Sigmund Freud (1856-1939), Dennis R. Danielson tells us, alleged that science had inflicted on humanity “two great outrages upon its naive self-love”: the first, associated with the sixteenth-century astronomer Nicolaus Copernicus (1473-1543), “when it realized that our earth was not the centre of the universe, but only a tiny speck in a world-system of a magnitude hardly conceivable”; the second was Charles Darwin’s theory of natural selection (to these two Freud added his psychoanalytic theory, which delivered “the third and most bitter blow”).
It seems neither popularizers nor serious scientists can utter Copernicus’ name without at once feeling the urge to say that he “dethroned” the earth or us humans when he explained that the earth circles the sun, instead of the other way around.
But according to Danielson, this feeling presumes too much. This great Copernican cliche simplistically assumes that central is good, or special, and that to be removed from the center is bad.
Yet the earth’s central position was taken as evidence not of its importance but its grossness. Danielson points out that many medieval philosophers, including Jewish philosopher Moses Maimondies (1135-1204) and foremost Christian philosopher Thomas Aquinas (1225-1274), declared that “in the universe, earth—that all the spheres encircle and that, as for place, lies in the center—is the most material and coarsest (ignobilissima) of all bodies.” This idea is even present in popular literature, as when Dante, writing in his Inferno in the early fourteenth century, places the lowest pit of hell in the very midpoint of the earth, the dead center of the whole universe. “If anything,” Danielson writes, “Galileo and his fellow Copernicans were raising the status of the earth and its inhabitants within the universe,” not dethroning them.
The seventeenth century’s foremost Copernicans expressed exhilaration at earth’s release from the dead center of the universe. Galileo (1564-1642), for example, saw his account as militating against “those who assert, principally on the grounds that it has neither motion nor light, that the earth must be excluded from the dance of the stars,” but the “earth does have motion,” and it “surpasses the moon in brightness” and therefore “it is not the sump where the universe’s filth and ephemera collect.” Johannes Kepler (1571-1630) likewise argued that man “could not remain at rest in the center…[but] must make an annual journey on this boat, which is our earth, to perform his observations…There is no globe nobler or more suitable for man than the earth. For, in the first place, it is exactly in the middle of the principal globes…”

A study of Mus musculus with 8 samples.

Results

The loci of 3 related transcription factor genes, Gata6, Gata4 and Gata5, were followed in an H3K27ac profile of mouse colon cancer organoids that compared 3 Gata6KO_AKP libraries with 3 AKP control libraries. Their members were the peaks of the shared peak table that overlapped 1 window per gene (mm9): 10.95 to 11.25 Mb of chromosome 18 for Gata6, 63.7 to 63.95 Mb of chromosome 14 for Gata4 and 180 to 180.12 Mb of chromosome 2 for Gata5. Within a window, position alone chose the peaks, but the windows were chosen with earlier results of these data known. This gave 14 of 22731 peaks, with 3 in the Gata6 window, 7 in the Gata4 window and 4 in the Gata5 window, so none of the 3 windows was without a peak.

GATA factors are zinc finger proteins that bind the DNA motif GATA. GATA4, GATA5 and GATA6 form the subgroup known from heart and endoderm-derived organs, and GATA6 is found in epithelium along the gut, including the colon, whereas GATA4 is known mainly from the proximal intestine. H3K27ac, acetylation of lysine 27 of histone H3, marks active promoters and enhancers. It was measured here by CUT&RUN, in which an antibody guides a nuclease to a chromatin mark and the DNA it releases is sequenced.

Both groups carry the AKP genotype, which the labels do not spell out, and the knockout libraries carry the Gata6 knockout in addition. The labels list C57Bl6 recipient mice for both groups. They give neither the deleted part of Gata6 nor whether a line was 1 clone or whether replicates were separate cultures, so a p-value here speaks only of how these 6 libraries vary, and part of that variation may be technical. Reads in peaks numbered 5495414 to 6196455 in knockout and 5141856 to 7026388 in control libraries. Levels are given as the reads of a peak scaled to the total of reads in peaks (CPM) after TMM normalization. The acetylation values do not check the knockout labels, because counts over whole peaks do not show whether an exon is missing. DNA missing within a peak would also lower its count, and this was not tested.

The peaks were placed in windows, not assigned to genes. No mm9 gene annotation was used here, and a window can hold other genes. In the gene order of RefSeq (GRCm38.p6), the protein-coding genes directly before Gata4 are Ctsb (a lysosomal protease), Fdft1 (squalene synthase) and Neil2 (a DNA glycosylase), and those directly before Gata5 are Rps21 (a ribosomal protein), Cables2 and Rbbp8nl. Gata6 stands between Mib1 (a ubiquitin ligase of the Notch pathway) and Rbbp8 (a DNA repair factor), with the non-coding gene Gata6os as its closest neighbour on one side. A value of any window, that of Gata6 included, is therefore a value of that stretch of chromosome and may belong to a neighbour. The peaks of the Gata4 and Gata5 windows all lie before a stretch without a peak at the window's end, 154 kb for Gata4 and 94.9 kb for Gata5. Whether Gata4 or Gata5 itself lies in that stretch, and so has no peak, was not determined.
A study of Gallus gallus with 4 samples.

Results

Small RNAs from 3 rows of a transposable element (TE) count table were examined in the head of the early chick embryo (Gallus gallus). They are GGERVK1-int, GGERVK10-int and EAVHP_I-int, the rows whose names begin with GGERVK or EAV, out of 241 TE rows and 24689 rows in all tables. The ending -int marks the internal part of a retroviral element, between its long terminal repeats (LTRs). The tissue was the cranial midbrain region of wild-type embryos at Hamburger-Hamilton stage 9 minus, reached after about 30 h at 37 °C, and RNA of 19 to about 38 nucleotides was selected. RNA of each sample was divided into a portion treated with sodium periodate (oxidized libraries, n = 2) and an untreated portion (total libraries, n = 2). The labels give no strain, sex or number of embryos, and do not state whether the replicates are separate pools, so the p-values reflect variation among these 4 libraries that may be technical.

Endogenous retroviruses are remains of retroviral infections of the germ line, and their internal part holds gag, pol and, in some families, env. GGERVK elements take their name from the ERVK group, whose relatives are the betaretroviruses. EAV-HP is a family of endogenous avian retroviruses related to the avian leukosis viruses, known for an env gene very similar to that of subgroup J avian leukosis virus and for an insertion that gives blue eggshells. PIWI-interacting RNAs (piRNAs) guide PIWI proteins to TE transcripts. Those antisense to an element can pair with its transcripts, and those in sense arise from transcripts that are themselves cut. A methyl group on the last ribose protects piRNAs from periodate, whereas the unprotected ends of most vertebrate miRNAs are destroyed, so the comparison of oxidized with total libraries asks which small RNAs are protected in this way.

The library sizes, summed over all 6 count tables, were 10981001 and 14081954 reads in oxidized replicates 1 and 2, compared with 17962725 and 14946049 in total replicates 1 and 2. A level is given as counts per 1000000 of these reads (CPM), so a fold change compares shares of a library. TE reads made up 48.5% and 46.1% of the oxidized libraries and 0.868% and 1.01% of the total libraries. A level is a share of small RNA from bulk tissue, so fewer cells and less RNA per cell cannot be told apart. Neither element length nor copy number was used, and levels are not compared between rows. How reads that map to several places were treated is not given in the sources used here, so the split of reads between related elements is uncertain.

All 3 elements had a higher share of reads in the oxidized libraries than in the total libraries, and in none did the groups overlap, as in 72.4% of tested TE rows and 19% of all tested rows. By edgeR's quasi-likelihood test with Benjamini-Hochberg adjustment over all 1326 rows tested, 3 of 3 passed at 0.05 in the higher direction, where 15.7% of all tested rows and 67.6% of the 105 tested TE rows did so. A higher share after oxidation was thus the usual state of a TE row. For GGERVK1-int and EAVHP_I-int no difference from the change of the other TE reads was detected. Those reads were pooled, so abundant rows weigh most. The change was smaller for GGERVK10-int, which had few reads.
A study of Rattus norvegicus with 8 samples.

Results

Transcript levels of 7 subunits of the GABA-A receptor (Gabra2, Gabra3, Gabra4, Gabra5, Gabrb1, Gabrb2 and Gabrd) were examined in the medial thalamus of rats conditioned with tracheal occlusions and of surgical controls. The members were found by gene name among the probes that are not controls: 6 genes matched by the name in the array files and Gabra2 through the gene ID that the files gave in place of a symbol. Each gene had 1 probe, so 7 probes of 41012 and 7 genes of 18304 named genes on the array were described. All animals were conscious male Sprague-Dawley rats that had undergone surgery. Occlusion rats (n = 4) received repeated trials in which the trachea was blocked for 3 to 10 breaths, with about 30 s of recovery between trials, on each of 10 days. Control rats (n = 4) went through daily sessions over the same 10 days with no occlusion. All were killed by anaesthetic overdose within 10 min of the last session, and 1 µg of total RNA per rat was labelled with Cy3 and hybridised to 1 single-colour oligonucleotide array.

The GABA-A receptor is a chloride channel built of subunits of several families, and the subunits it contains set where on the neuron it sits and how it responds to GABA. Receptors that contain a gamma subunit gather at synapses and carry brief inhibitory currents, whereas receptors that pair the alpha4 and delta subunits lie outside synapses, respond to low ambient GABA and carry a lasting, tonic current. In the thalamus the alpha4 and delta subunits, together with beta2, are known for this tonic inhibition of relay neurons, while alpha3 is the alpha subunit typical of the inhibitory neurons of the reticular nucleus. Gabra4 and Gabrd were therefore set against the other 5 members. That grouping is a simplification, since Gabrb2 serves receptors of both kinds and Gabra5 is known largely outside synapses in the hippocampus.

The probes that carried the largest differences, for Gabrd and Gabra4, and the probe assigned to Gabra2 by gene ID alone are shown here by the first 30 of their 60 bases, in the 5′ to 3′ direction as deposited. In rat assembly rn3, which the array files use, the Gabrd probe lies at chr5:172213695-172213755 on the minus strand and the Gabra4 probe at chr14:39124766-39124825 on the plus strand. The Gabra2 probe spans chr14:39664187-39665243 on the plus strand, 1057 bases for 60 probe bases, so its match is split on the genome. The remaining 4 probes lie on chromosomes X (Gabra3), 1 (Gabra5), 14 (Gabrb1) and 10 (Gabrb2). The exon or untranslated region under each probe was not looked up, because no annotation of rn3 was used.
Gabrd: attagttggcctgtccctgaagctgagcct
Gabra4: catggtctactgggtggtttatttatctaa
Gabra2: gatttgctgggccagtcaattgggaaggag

Heliocentrism was seen as exalting the position of humankind in the universe and pulling the earth up out of the cosmic sump that Copernicus’ predecessors thought it occupied—and conversely, placing the divinely associated sun unto that central yet tainted location. In Copernicus’ cosmology, the center was transformed into a place of honor, while at the same time earth was promoted to the status of a “star” that “moves among the planets as one of them.” Only with the abolition of geocentrism, then, might we truly say that we occupy the best, most privileged place in the universe.
The other presumption that generally piggybacks on the cliche is that Copernicus, in allegedly reducing the status of the earth, also struck a blow against religion, particularly the Abrahamic religions, which supposedly require the cosmic centrality of humankind. But again the Jewish and Christian scriptures do no promote “naive self-love” on the part of humans, but instead proclaim our smallness, weakness, and often moral incapacity against the immense greatness, goodness, and otherness of the Creator.
Possible support for these assumptions may be found in the seventeenth century Galileo affair. But this is ultimately misguided. The opposition Galileo met from Catholic authorities in Rome was a dispute focused on matters related to biblical interpretation, educational jurisdiction, and the threat Galileo represented to the entrenched “scientific” authority of Aristotle, not on any supposed Copernican depreciation of the cosmic specialness or privilege of humankind. And as Danielson correctly notes, Aristotle’s system of physics dominated European natural philosophy for centuries.
The Copernican cliche seems to have appeared for the first time in France more than a century after the death of Copernicus. Most influential was science popularizer Bernard le Bouvier de Fontenelle’s Discourse of the Plurality of Worlds (1686), who argued that Copernicus had abated the “Vanity of men who had thrust themselves into the chief place of the Universe.” Later, in 1810 Johann Wolfgang Goethe repeated the notion that “no discovery or opinion ever produced a greater effect on the human spirit than did the teaching of Copernicus,” for it obliged earth “to relinquish the colossal privilege of being the center of the universe.”
But the irony of this supposed dethronment is that, while purportedly rendering “Man” less cosmically and metaphyscially important, it actually enthrones us modern “scientific” humans in all our enlightened superiority. But as Danielson concludes, “Historically and philosophically…the tale is a fabrication. Reasonable people need not believe it.”